The 2012 freshet flooded farmland at Carey Point even washing away portions of this blueberry field. To offset the removal of farmland of a Parr Road property in Chilliwack, an ALR removal application suggests the construction of a multi-million-dollar berm to protect Carey Point. - Paul J. Henderson
The 2012 freshet flooded farmland at Carey Point even washing away portions of this blueberry field. To offset the removal of farmland of a Parr Road property in Chilliwack, an ALR removal application suggests the construction of a multi-million-dollar berm to protect Carey Point.
— image credit: Paul J. Henderson

It may be hard to fathom how anyone could support an application to remove 17.6 hectares of prime farmland out of the Agricultural Land Reserve (ALR) to build an industrial park.

But what if that application comes with the landowner's promise to pay millions of dollars to build a berm to protect nearly nine times as much agricultural land threatened by flooding elsewhere?

That's what Chilliwack city council considered at Tuesday's meeting, and decided to forward the application to the Agricultural Land Commission (ALC) with support.

To offset the loss of farmland in the ALR, the applicant, local developer Peter Kingma (Homecraft Construction and Wilmark Homes), has agreed to spend as much as $6 million to build a low elevation berm on the Fraser River to protect the Carey Point area of the city from flooding.

"At the end of the day, this is something that will be beneficial to the City of Chilliwack," Coun. Ken Huttema said at Tuesday's meeting.

"We may lose a bit of agricultural land, but it definitely improves the quality and potential of the Carey Point lands and hopefully that puts that area of concern to rest for many years to come."

The area referred to as Carey Point includes 17 mostly agricultural properties of varying quality mostly on Ballam Road that are unprotected by the city's dike system. Carey Point has long been the subject of erosion at Fraser River freshet, but flooding was particularly bad in 2012.

 

 

The decision to exclude the land from the ALR resides with the ALC, but all applications of this kind are first sent to affected municipalities who then forward them on to the commission with support, without support or with no comment. It's the City of Chilliwack's general policy to send applications on without comment, but council does occasionally reject a removal application and sometimes support one.

Kingma has twice been rejected by the ALC to remove this same property from the ALR, first in 2003 and again in 2012. In that second application, the property was described as a peninsula of ALR land between City of Chilliwack urban area and Squiala First Nation's development lands. In exchange for the removal, the 2012 application sought to obtain non-ALR lands in Abbotsford, consolidate them and have them included in the ALR. Kingma told the ALC he owns arable non-ALR land adjacent to existing ALR land near the Prince George airport that could be included too.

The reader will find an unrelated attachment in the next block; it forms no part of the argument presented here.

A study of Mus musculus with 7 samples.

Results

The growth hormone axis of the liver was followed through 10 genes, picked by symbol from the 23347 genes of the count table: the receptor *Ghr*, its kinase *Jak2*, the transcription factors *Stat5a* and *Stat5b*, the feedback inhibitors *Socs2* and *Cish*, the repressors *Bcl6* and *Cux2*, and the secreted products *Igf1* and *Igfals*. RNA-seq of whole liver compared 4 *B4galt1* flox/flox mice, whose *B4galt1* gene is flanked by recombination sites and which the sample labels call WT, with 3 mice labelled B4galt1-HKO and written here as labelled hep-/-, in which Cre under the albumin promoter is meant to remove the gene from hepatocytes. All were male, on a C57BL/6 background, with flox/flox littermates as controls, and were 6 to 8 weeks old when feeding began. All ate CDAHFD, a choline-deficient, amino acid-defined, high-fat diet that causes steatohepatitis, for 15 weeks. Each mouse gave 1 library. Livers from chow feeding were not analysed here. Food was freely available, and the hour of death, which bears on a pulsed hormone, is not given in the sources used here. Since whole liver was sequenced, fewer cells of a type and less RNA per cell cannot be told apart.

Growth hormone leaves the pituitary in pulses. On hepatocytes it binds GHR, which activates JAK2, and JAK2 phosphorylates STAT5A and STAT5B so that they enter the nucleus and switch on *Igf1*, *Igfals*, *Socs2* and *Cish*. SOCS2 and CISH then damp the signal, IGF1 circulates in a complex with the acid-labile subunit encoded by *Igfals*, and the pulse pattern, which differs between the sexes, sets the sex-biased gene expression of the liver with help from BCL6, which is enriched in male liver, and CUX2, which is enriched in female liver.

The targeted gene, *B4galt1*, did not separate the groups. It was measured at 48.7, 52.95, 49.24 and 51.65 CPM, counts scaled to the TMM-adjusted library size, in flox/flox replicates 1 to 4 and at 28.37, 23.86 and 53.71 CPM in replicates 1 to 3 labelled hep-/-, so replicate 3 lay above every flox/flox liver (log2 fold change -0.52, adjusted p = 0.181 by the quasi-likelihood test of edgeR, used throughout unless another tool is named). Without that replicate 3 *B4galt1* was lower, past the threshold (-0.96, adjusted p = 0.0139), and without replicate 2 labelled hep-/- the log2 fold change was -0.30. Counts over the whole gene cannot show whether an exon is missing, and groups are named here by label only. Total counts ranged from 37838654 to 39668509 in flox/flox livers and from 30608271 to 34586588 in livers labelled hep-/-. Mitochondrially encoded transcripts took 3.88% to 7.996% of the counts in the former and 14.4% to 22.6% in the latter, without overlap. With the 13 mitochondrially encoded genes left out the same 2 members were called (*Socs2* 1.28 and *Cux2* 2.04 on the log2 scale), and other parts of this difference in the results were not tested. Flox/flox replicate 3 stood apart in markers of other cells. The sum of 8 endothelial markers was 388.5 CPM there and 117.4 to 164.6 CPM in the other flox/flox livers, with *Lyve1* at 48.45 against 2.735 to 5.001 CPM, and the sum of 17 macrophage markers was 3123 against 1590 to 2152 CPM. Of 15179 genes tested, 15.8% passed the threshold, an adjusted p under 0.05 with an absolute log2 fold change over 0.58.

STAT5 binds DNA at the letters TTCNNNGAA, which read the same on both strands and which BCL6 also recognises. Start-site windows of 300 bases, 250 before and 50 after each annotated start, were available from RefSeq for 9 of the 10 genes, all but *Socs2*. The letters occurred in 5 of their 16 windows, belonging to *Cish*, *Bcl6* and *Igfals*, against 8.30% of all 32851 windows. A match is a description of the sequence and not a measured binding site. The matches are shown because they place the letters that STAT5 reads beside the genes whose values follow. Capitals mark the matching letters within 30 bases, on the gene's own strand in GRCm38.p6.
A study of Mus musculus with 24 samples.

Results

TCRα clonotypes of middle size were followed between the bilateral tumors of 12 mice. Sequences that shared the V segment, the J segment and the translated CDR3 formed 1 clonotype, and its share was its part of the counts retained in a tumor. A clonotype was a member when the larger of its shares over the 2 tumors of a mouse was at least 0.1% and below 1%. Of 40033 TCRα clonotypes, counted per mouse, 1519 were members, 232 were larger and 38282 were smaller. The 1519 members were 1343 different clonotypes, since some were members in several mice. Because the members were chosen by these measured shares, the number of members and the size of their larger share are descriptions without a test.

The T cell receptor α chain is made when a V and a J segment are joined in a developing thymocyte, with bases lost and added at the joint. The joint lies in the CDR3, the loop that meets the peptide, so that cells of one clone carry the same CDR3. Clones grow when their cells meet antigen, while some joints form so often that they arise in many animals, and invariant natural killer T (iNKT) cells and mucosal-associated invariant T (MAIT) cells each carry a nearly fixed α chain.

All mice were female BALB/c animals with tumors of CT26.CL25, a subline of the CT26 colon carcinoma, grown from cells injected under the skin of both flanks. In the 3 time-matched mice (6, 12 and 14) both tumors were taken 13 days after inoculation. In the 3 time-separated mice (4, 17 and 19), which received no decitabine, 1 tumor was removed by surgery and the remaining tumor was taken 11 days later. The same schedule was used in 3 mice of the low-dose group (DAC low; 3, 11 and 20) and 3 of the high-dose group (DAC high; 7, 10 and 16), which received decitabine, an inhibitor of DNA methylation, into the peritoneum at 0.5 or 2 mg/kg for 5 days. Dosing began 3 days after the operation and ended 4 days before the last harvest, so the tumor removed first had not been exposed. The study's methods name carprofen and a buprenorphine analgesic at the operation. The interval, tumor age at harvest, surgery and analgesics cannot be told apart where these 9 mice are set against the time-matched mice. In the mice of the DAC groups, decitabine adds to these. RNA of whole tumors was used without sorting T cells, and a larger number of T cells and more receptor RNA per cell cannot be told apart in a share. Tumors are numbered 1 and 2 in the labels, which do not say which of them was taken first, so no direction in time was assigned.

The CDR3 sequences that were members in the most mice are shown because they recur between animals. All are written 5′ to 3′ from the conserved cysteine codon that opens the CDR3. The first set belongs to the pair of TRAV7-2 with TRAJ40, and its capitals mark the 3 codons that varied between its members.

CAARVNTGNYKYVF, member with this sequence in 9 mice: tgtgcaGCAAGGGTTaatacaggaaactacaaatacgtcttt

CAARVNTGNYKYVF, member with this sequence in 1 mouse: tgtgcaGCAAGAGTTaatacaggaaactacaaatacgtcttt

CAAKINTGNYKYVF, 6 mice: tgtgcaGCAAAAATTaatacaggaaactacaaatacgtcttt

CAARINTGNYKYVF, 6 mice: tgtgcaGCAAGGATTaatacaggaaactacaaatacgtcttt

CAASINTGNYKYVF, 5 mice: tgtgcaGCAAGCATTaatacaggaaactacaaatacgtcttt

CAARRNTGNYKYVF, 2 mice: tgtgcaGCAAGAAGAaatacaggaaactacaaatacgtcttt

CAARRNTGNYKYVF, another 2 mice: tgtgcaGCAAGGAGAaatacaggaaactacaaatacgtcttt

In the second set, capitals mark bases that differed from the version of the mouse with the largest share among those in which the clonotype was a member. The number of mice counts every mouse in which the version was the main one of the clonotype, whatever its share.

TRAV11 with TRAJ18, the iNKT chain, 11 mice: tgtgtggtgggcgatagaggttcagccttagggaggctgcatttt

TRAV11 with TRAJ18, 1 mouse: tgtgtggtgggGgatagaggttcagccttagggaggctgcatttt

In the end, the ALC found that excluding 18.1 ha of Class 1 and 2 farmland that is in production in exchange for 13.5 ha of Class 3 farmland not in production would represent "a substantial loss of immediate and long-term agricultural potential, which would not be fully offset by remediation of the Abbotsford land or inclusion of land at Prince George."

The current application, however, comes with support from the city's Agricultural Advisory Committee (AAC), a body that is not know for going easy on exclusion applications.

It comes, too, with an agrologists's report that finds the overall removal combined with the flood protection along the Fraser River does indeed benefit agriculture.

"[A]lthough removal of the 42 acres of high quality farmland located in Chilliwack will be a loss to the agriculture land base, the benefits to agriculture sector and the farming community from protecting the 385 acres (295 acres in production) of farmland at Carey Point are substantial," the report by Dave Melnychuk from March 28, 2013 states.

The exclusion of the property, which is in between the urban corridor of Yale Road and Eagle Landing Parkway, would also facilitate the eventual connection of Airport Road to the new commercial development on Squiala lands.

A city staff report presented Tuesday stated there is a shortage of land for future economic development.

"The 2013 commercial supply is estimated at 55 hectares (ha), compared with a 30-year demand of 113 ha; and the 2013 industrial supply is estimated at 113 ha, compared with a 30-year demand of 162 ha."

As a result, the land has been included inside the "urban containment boundary" in the recent draft Official Community Plan (OCP).